Vietnam frees Nguyen Tien Trung and Vi Duc Hoi
- 14 April 2014
- From the section Asia
Vietnam has released two high-profile political activists amid ongoing free trade talks with the United States.
Democracy activists Nguyen Tien Trung and Vi Duc Hoi were freed from prison over the weekend.
Earlier in April, prominent activist Cu Huy Ha Vu was also released from jail. He has since flown to the US, which had campaigned for his release.
Vietnam is in negotiations with the US over the Trans-Pacific Partnership (TPP), a major free trade deal.
Members of the US Congress said that greater US-Vietnam co-operation should be tied to Vietnam improving its human rights record.
'Long way to go'
Vietnam, a one-party Communist state, has one of south-east Asia's fastest-growing economies. However, the government suppresses political dissent and religious freedom, and private media is banned.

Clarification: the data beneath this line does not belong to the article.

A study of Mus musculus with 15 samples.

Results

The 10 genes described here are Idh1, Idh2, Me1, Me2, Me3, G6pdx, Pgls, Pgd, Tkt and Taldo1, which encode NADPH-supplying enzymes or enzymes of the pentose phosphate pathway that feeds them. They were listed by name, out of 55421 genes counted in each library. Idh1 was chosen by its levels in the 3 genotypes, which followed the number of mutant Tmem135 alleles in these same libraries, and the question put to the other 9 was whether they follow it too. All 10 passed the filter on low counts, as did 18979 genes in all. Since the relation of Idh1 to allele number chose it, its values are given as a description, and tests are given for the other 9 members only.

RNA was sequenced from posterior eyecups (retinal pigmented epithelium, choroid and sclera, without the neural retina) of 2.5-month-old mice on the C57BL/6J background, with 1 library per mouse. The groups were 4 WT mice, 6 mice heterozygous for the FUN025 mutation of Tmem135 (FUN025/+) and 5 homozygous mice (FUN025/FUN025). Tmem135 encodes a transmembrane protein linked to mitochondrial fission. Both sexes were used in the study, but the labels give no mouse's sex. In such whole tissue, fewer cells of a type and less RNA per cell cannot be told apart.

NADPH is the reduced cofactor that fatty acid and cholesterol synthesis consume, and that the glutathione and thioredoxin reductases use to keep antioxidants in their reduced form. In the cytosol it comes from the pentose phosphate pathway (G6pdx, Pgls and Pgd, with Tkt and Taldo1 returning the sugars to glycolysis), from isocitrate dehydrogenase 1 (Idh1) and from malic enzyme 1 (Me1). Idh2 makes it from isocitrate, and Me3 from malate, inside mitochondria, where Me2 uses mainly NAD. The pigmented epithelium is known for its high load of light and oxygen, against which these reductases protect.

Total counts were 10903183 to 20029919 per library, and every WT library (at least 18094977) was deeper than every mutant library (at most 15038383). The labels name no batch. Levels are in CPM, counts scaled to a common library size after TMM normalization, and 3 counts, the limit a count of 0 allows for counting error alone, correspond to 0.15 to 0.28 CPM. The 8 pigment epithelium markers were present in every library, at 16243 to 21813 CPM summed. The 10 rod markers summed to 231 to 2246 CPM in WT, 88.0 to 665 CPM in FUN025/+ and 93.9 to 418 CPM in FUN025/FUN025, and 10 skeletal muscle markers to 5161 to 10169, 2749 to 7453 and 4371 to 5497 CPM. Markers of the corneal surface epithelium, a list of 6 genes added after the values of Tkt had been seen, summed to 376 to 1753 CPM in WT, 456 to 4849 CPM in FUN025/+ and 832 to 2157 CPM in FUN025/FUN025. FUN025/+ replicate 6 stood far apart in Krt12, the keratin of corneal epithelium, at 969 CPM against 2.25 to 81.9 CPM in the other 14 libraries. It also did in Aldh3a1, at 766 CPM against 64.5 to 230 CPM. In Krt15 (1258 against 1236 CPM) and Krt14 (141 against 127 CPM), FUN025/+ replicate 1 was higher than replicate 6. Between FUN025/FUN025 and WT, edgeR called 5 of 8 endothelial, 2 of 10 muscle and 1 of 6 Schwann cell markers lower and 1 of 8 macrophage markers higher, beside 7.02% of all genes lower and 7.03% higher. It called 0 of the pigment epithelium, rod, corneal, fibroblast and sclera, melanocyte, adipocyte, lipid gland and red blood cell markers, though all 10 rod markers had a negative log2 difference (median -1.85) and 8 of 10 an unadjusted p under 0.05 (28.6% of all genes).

Blogger Nguyen Tien Trung had served nearly five years of his seven-year jail term for subversion. He now faces three years of house arrest.
Former Communist Party official Vi Duc Hoi, who campaigned for democracy, served four and a half years of his five-year term for anti-government propaganda. He now faces five years of house arrest.
Vi Duc Hoi told US-funded broadcaster Radio Free Asia: "It was due to international pressure that the government of Vietnam had to release me."
Meanwhile, legal activist Cu Huy Ha Vu was released this month after spending three years in prison.
Mr Vu, the son of a celebrated poet who was also a leading revolutionary and confidant of the former president Ho Chi Minh, was sentenced to seven years in jail for spreading anti-government propaganda.
He had called for democratic reforms in Vietnam and tried to sue the Vietnamese prime minister twice over a mining project he said would harm the environment.
Speaking after the releases of Nguyen Tien Trung and Vi Duc Hoi, Human Rights Watch Asia director Phil Robertson said: "There are still hundreds more political prisoners languishing in Vietnam's prisons, so there is a very long way to go before we can say that Vietnam is making any sort of appreciable progress on human rights."